Ethan Aulwes '22 TH'22

Hometown: Los Alamos, NM 
Major: Biomedical Engineering Sciences (BA/BE)


Ethan Aulwes
Ethan Aulwes '22 TH'22

While the Upper Valley may seem vastly different from the high desert of Los Alamos, New Mexico, where Ethan Aulwes '21 TH'22 grew up, the skiing, hiking, and camping opportunities that abound around Dartmouth's campus felt appealingly similar to home. Dartmouth's approach to engineering resonated with Ethan, as well. 

"I was pretty sure I wanted to study biomedical engineering," he explains, "but I thought that Dartmouth's approach to engineering was a good route for me because it gave me a lot of flexibility to take different classes and have a liberal arts education. I knew I'd have more academic exploration than if I went to a big state engineering school."

"I Couldn't Have Predicted That I Would Have Been Interested In This When I Applied"

For Ethan, some of that exploration came with the opportunity to participate in a Dartmouth Humanitarian Engineering project focused on displacing firewood usage in a Ugandan school kitchen. 

While there is certainly a health angle to the project — widespread deforestation and smoke exposure both have serious negative health implications — the project wasn't specifically in Ethan's biomedical engineering wheelhouse. But when his classmate and friend Noah Daniel '22 asked for Ethan's help with a specific problem related to the project, Ethan was hooked! "Looking back I couldn't have predicted that I would have been interested in this when I was applying to Dartmouth. But the solar heater was a really interesting problem to solve."

And while the energy and other technical aspects of the project weren't specific to biomedical engineering, to Ethan's mind, "any project you work on in engineering has a similar problem-solving approach. I was still doing engineering."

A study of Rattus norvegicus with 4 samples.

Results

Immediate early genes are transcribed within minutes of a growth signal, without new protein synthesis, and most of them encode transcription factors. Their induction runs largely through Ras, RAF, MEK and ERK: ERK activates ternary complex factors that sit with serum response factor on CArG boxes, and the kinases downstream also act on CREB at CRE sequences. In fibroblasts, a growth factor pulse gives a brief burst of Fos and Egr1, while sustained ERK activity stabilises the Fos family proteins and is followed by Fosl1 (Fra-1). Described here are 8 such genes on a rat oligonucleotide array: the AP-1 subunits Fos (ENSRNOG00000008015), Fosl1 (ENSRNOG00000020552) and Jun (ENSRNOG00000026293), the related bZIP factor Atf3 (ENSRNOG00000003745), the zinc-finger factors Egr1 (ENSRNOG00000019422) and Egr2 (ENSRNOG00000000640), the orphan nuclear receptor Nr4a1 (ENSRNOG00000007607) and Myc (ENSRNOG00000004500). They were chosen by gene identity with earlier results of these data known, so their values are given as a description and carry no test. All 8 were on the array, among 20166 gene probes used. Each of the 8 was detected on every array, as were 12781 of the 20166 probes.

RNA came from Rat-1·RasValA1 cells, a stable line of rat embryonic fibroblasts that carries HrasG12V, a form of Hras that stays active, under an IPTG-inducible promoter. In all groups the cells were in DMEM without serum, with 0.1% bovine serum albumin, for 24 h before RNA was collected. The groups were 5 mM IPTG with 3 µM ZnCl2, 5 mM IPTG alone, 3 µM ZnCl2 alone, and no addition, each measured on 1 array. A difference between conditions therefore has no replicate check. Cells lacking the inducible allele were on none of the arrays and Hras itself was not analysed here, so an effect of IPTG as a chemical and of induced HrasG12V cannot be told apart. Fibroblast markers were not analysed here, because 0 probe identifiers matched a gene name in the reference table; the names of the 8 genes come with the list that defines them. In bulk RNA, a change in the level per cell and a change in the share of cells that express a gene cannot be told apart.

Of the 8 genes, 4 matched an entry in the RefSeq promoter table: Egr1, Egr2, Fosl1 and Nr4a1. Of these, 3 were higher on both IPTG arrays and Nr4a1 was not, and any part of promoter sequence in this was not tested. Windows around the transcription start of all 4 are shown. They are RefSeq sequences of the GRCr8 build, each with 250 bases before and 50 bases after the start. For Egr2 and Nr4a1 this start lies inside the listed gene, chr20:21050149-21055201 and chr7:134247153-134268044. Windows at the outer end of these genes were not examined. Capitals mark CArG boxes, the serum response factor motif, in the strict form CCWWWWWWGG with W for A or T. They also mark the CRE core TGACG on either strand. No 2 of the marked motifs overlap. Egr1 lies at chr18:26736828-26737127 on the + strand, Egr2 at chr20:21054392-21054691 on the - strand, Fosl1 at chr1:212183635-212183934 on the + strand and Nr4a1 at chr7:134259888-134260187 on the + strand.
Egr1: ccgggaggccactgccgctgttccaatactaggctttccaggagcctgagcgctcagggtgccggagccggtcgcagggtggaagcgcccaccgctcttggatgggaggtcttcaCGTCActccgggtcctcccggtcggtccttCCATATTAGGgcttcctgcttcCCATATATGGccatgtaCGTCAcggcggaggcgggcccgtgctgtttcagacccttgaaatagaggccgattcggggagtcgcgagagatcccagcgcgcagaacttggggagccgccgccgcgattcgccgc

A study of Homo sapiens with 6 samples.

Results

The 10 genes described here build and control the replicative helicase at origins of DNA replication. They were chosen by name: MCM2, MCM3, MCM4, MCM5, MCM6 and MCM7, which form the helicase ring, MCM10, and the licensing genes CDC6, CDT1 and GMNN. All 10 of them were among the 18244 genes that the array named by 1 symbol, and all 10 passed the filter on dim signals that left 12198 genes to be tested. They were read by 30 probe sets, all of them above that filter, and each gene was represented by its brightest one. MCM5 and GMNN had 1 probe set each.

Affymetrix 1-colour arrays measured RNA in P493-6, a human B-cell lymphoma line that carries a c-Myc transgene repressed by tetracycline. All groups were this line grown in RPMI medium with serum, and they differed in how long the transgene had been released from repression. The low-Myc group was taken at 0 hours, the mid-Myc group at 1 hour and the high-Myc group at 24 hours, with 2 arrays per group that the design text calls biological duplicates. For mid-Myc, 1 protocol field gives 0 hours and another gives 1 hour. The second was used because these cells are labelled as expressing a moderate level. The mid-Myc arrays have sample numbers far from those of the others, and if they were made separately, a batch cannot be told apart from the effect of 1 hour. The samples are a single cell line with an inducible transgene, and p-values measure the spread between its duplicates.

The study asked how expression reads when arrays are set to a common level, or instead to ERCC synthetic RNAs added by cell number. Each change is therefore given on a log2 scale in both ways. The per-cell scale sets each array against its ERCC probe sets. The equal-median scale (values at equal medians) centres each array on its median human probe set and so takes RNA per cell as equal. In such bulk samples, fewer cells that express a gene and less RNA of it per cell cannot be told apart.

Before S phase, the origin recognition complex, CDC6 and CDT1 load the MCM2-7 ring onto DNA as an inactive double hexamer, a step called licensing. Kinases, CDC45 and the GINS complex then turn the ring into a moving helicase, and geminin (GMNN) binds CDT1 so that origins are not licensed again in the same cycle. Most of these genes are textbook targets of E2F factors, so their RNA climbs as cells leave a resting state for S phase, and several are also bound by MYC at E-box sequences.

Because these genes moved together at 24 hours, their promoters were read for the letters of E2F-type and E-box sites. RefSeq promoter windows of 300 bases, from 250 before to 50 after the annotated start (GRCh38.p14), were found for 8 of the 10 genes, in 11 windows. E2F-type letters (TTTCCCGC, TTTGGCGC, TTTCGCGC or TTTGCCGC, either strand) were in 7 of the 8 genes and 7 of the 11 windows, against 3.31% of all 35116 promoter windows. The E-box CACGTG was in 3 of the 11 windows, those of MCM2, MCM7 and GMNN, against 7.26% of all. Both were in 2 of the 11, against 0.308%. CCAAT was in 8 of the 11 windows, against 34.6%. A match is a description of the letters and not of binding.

Ethan Aulwes smiling behind a water heater
Ethan working on the solar water heater

Making the Connections 

Additionally, he says, he sees biomedical engineering projects inevitably connecting to energy and climate. "When products are designed for human health, you have to have sustainability in your thought process. For example, I did an ENGS 89/90 [a senior capstone course for engineering students] project making a medical device that could get deployed in low-resource communities. We still had to think about sustainability in how it was made and the societal impact it would have." 

The solar heater team will have a chance to see the potential impact of its work this summer when they travel to Uganda to install their prototype at Uganda Christian University. And when he returns to the Hanover area in the fall, in addition to applying for medical school, Ethan hopes to continue with the DHE, helping advise a new project team who will be looking to build on the solar heater work for larger-scale implementation. 

All You Need Is the Initiative and the Curiosity

Ethan encourages new Dartmouth students to get involved in projects like these as soon as possible. "The earlier students can involve themselves in design-based projects, the more they're going to get out of their experience at college. You might not have the opportunity to work on a project in class until your second year or beyond, but there are plenty of resources and staff ready to talk about solving a cool problem — it's just that the students have to bring it to them first." 

And you don't have to come to the project with expertise, he says. In fact, he says, non-expert perspectives on problem-solving teams are essential.   "There's a huge benefit to getting someone to look at a problem who isn't well-versed in the industry," he says, "and, more often than not, they'll ask a question that the experts wouldn't even have thought to ask! Neither Noah nor I were energy engineers. We never worked in the PV industry or the plumbing industry … all you need is curiosity and the initiative to go talk to people who can help you figure it out."